Design Ventura 2017

Anna Bullus, designer and founder of Gumdrop, launches the Design Museum’s brief for Design Ventura 2017. School students, aged 13 to 16, are challenged to create a well-designed product that improves everyday life, to be sold in the Design Museum shop for around £10. Design Ventura, run by the Design Museum in partnership with Deutsche Bank’s youth engagement programme, Born to Be, develops students’ design, enterprise and employability skills.

This year, the brief calls for teams of four to six students to research and consider the needs of one of three target audiences; adult design enthusiasts, young people and students, or families. Students must consider: how their product will complement others on sale in the Museum shop; sustainability; ease of manufacturing process; and budget. The winning team will see its product concept developed and sold in the shop with profits going to the school’s chosen charity. Over 47,000 students have taken the challenge over the last eight years. Schools can register to participate until 27 October 2017 at ventura.designmuseum.org


“Design isn’t a subject to be boxed into a small part of a school day. Design lets us interrogate our world and solve problems. But, that’s not enough,” says Anna. “Researching what happened to waste chewing gum gave me the idea for Gumdrops but I have had to develop business and marketing skills too. The strength of Design Ventura is to turn blue sky thinking into a sustainable reality.”

Nicole Lovett, Deutsche Bank’s UK Head of Corporate Social Responsibility, commented, ‘Pressure mounts on creative subjects as schools are measured on a small core of subjects defined as ‘academic’. Exam results matter but Design Ventura demonstrates that character skills are critical. Creative subjects, especially when taught in parallel with enterprise, nurture self-understanding, confidence, empathy, problem-solving, and team work; all assets that contribute to an individual’s own future and community, as well as society and the economy.’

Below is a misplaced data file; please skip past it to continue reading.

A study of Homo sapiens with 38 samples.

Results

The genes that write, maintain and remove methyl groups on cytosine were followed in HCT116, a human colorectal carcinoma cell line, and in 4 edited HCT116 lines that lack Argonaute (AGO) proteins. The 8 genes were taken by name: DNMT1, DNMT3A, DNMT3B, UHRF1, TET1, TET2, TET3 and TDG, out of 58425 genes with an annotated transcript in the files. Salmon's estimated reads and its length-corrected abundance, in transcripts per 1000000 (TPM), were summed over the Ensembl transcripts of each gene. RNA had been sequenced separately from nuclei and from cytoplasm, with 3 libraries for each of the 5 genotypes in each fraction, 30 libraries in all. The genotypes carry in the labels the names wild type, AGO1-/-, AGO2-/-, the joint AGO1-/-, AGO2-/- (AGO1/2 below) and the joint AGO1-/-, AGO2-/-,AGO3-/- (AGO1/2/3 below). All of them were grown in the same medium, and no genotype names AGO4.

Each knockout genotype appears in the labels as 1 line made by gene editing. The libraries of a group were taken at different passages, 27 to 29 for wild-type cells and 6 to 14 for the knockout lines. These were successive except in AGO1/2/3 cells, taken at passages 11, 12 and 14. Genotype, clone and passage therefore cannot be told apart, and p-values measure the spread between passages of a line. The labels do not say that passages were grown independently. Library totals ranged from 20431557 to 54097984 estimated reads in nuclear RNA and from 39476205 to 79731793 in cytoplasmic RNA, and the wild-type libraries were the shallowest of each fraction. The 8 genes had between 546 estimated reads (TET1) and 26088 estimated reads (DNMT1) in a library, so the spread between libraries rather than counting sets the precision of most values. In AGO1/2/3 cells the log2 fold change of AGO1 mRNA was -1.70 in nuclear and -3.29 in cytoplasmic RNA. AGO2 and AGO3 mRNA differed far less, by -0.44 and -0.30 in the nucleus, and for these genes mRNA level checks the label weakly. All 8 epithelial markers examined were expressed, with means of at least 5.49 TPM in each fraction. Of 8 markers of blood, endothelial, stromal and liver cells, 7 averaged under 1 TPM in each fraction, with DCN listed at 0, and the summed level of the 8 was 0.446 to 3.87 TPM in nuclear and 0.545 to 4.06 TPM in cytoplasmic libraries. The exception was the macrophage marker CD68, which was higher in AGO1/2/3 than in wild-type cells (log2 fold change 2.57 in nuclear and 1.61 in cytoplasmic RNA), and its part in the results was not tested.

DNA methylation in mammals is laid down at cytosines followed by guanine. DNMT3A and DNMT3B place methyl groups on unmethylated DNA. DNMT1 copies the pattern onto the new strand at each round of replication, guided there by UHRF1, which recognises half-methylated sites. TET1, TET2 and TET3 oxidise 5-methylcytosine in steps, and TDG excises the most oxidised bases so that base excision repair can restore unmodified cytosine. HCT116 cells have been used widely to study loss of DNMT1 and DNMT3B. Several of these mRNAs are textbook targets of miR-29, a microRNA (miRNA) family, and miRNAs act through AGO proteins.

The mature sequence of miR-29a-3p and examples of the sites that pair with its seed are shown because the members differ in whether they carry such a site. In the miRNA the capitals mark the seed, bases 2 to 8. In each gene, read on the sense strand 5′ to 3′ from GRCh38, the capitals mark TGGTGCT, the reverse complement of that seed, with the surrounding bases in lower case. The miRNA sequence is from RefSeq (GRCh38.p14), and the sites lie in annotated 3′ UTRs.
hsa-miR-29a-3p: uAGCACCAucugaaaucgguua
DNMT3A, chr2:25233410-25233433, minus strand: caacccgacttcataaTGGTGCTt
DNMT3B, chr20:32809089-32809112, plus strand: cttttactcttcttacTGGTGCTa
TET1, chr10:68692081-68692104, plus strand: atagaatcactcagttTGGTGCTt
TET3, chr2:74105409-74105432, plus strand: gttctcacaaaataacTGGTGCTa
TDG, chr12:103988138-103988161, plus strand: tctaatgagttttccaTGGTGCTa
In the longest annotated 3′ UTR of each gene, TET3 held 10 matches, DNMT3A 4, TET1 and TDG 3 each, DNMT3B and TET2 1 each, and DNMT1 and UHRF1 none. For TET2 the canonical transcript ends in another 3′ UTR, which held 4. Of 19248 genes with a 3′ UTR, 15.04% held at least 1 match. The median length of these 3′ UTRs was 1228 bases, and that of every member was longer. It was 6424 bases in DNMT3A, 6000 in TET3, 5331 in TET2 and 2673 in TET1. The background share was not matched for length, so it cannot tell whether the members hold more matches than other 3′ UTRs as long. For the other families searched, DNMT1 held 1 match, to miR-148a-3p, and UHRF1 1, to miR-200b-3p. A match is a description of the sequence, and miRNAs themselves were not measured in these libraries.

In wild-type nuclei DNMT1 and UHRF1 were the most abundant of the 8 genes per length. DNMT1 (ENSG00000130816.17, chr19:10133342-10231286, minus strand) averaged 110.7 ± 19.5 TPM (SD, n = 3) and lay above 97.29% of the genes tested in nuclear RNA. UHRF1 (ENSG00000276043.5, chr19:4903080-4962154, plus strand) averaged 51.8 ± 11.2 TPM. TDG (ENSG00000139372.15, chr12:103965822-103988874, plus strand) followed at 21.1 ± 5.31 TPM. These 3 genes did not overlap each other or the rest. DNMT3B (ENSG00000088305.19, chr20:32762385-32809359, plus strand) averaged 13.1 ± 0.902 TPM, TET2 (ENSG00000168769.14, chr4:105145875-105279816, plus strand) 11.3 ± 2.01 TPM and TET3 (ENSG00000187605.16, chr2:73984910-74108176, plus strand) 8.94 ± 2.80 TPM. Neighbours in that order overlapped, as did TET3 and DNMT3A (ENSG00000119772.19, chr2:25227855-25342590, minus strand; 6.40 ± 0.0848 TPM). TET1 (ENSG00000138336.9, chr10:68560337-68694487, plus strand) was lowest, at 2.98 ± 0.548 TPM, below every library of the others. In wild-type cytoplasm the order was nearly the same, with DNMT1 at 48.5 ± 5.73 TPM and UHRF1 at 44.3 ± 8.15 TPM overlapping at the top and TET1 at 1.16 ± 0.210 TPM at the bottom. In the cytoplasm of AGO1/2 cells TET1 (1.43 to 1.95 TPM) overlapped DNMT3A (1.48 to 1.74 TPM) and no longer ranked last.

Design Ventura is a free project offering teachers Continuing Professional Development (CPD) and students access to exhibitions, live workshops, online learning and resources, with support from design industry experts and volunteers from Deutsche Bank providing business and marketing advice. Students consider the whole process of design, from initial ideas to manufacturing and budgets to marketing and branding. The winners collaborate with designers and the Design Museum retail team to refine, manufacture and realise their design from idea to sale.

Ten shortlisted teams from schools across the UK will pitch their ideas to a panel of experts from design and business at the Design Museum in Kensington on 8 December. Judges have included Sebastian Conran; Naomi Cleaver, designer, writer and broadcaster; Anya Hindmarch, fashion designer; Angus Montgomery Editor, Design Week; Jane Ni Dhulchaointigh inventor and CEO, Sugru; Guy Jeremiah, Founder, Ohyo; and Edward Barber and Jay Osgerby designers and co-founders of Barber & Osgerby of Olympic torch fame; Michael Skapinker associate editor Financial Times; as well as Deutsche Bank executives.

Nine out of 10 students report that Design Ventura had a positive impact on: improving team working; understanding that mistakes and criticism can be useful; helping them think about what they can achieve through studying; understanding how they can plan to achieve what they want; and thinking about the kind of skills they want to use in their future careers. 95 percent of teachers also found that the programme gave them a better understanding of how to engage students about enterprise, how to teach it with design and the resources available to support the activity. Both teachers and students agreed that the project raised the status and profile of D&T in their school.